Being a parent to a teenager can be difficult.

There is confusion and a lot of gray areas, and not every decision has a clear cut answer. There is no guidebook or formula to raising a teenager. Sometimes it can feel like you are going along with your teenager and that you’re on the same page. Other times, it can switch and you may feel like you’re reading completely different books.

Sometimes, when parents feel like they are in a different universe from their teen, they can turn strict. For example: some parents let their kids go days or weeks without doing chores, and then, one day, they say, “That’s it! No one is allowed to watch TV or use their phones because chores have not been done!” This is not an effective way of changing behavior and teens do not respond to this.

Parents and teens can get stuck on different ends of the spectrum on a lot of things – such as what time to be home, what time to go to bed, and how long they are allowed screen time. It can feel like a constant battle – but, never fear! Here are some ways you can find a middle ground with your teen.

Stay Flexible

At times, parents can find themselves being “too loose” or “too strict” when navigating how to handle a situation with their teen. It can help to stay flexible, be willing to negotiate, and, at the same time, have clear rules that are consistently enforced. Setting constant rules and being open to negotiation allows teens to feel like they have a say in their own lives.


Having conversations with teens about rules and expectations regarding phone usage, time spent with significant others, and school work is essential in order to set clear rules and expectations. This way, teens are aware of what is expected, and the open dialogue can allow them to feel like they have a say in what is going on in their lives. For example: if a teenager wants to spend time with their significant other, it can be helpful to have a discussion about the rules, such as: “you can spend time with them during the day, but you cannot have a sleepover,” or “you can spend time with them as long as another adult is present in the home.”

Be Involved

Sometimes it can be confusing if your teenager’s behavior is normal or not. Some parents may see behavior as a huge problem, and other parents may not view it as a problem at all. For example: if a teenager hates public presentations and expresses this to their parents, some parents may jump to the conclusion that their child has social anxiety – when in reality, they might just hate presenting in class. Another example includes if a teenager hates presenting in class to the point where they skip school, and the parent does not think anything of it. These are two ends of the spectrum, and it can help if a parent is involved in their teen’s life by having conversations, knowing their friends, and spending time with them. If you are concerned about a problem, close monitoring (such as knowing their whereabouts) is essential.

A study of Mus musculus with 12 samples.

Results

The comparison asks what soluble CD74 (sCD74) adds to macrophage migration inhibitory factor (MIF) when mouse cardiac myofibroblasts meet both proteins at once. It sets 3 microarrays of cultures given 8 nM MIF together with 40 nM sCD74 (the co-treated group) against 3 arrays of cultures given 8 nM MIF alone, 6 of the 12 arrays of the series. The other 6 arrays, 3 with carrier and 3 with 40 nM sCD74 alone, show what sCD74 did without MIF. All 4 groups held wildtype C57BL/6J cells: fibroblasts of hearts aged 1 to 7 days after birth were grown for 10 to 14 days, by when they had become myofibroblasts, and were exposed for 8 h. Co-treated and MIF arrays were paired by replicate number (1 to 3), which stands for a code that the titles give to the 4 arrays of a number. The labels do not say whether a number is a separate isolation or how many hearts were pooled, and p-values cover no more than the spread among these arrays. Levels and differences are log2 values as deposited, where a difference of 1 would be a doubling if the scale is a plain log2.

Guide and support while also letting go

It can be difficult to figure out how much support parents are supposed to give. How involved are parents supposed to be? How much do they actively try to solve problems for their teens? The term “helicopter parent” comes from being overly involved in a teenager’s life – where a parent tries to solve problems for their teen before they have a chance to do it themself.

As a parent, you want to be able to guide your children while also giving them the independence to make their own decisions and mistakes. If your teen comes home one day and says they got a C on their exam, being overly involved may look like a parent calling the teacher, asking the student to be able to retake the test. Guiding and supporting your teen with this may look like talking to your teen about how to communicate with their teacher on the reasons why they would like the opportunity to retake the test.

Finding a middle ground with teens can allow them to feel like they are more in control of their lives and allows parents to be involved with their teen’s life if they are not already. Staying flexible, opening a dialogue, and being able to guide and support your teen while also giving them more freedom and independence can help families find a middle ground with their teen.


Nina Iraheta wears a light blue sweater and has long dark hair streaked with blonde. She has a bright, kind smile.

About Nina Iraheta

In my free time I like to read, hang out with my cat, and attend live shows. I love a good suspense/thriller book, however I also love to spend the night singing along to my favorite artists at live shows! I also love to enjoy nature, go hiking, and it is a hope of mine to visit all of the national parks in the United States!